Since credit card processors charge merchants for each transaction, some retailers charge consumers fees each time they use their credit cards at the register. This practice is illegal in California as of the date of publication. Merchants may discount purchases for customers who use cash but may not charge fees to credit card customers and can face serious financial consequences if they do so.
California is one of 10 states that prohibits merchants from charging customers fees to use their credit cards at the register as of the date of publication. Thus, if you use your credit card in a California store, the merchant cannot add an extra fee because you used the card, even if you only charged a small amount. If a retailer charges you a fee for credit card use, you can report him to the Attorney General's office.
Public utility companies such as the gas company, water company or electric company may charge fees to customers who wish to pay by credit card. Only approved public utility companies may charge fees for using credit cards; if a customer purchases utilities from a private company or an individual, that company may not charge the customer extra fees if she chooses to pay her bills using a credit card.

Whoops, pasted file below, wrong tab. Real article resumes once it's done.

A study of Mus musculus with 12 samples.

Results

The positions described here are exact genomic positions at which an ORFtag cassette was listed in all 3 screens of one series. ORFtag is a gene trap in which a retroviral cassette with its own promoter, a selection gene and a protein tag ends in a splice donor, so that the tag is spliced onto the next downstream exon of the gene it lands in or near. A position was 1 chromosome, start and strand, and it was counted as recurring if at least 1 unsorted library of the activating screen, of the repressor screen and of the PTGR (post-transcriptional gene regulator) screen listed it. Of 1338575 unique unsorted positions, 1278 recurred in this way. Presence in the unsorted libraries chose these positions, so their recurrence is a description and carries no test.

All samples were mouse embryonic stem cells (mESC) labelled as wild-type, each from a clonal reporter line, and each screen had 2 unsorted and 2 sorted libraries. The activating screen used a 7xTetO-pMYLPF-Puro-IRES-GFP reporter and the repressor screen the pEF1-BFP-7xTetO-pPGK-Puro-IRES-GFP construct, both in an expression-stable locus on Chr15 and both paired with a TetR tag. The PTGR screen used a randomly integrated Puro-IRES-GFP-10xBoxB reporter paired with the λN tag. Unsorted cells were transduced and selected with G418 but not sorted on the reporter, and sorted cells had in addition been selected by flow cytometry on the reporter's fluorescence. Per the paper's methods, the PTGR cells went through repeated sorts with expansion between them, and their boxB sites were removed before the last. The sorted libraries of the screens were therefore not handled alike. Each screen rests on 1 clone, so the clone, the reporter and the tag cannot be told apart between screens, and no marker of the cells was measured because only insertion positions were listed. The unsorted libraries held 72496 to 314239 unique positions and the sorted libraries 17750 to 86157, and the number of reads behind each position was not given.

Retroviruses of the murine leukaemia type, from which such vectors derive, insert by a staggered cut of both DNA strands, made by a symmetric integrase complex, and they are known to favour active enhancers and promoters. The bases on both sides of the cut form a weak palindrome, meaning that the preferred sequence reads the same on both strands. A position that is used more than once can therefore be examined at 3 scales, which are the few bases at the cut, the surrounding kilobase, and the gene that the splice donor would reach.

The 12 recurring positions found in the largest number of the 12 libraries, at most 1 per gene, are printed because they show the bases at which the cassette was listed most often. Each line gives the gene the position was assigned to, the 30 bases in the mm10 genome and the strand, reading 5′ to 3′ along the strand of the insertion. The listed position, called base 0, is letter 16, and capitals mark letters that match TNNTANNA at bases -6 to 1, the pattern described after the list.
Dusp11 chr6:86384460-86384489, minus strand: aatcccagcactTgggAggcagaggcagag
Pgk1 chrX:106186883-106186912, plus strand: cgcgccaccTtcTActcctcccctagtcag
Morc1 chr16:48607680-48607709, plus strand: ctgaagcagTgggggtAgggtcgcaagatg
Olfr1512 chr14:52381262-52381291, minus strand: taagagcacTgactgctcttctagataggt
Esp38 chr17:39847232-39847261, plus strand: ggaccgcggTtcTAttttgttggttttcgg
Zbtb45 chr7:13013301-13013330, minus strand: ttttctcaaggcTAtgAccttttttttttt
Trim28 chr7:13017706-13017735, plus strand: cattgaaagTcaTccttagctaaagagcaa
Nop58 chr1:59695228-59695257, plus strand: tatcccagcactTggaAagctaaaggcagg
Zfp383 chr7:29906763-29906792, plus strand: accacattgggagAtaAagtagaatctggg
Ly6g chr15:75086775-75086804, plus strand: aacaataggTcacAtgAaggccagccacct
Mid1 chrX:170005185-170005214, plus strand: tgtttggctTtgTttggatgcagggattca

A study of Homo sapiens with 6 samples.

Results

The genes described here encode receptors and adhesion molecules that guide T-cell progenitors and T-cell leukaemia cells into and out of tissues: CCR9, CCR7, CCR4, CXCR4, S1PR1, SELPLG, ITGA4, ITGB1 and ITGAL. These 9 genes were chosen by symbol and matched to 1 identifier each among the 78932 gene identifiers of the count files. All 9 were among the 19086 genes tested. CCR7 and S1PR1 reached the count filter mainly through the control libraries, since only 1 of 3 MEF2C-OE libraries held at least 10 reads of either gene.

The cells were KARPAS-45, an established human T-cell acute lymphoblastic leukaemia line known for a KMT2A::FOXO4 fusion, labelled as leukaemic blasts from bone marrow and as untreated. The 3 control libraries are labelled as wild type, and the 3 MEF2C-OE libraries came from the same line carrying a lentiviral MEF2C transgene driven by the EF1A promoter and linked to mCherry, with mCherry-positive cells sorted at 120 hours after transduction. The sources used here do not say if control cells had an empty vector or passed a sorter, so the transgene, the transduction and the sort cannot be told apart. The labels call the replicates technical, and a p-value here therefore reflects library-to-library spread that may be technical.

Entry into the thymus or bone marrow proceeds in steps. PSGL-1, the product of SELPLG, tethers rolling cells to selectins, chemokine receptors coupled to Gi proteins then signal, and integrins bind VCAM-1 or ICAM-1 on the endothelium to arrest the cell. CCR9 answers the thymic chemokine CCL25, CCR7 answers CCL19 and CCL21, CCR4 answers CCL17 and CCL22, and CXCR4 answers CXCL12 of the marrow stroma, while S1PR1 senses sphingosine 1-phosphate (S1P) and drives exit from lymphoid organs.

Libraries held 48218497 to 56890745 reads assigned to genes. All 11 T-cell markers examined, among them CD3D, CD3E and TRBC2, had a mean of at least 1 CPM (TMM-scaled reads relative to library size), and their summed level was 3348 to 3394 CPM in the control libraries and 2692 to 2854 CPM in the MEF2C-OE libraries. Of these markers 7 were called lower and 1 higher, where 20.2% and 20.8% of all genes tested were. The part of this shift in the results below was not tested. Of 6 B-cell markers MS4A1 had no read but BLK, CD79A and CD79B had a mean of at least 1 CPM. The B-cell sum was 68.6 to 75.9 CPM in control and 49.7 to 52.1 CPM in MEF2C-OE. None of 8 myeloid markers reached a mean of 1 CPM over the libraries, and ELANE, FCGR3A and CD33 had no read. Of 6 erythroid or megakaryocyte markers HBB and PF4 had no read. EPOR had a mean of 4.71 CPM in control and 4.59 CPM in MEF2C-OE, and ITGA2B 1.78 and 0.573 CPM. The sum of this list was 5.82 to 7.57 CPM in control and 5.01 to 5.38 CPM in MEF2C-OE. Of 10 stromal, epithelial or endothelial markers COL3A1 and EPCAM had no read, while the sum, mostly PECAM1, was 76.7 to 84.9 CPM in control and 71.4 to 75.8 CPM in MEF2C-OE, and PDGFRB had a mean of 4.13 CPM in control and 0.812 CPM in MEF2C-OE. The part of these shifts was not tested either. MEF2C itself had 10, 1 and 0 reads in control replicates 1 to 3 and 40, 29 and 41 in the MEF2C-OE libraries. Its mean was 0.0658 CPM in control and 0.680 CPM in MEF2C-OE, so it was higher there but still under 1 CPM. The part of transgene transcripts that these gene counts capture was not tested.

Although retailers can't charge fees for credit card use in California, they have the right to offer discounts to customers who pay using another method. For example, a retailer can offer merchandise at 10 percent off if the customer uses cash and charge full price if the customer pays using a credit card. This is not considered a fee for credit card usage because the merchant is charging the full retail price to credit card customers, not charging them more than the full price.
If a retailer charges an extra fee to credit card customers, he must return the fee to the customer upon written request. If the retailer does not return the fee within 30 days of getting a customer's letter regarding the matter, the customer may sue him for up to three times the actual damages as well as the customer's attorney fees.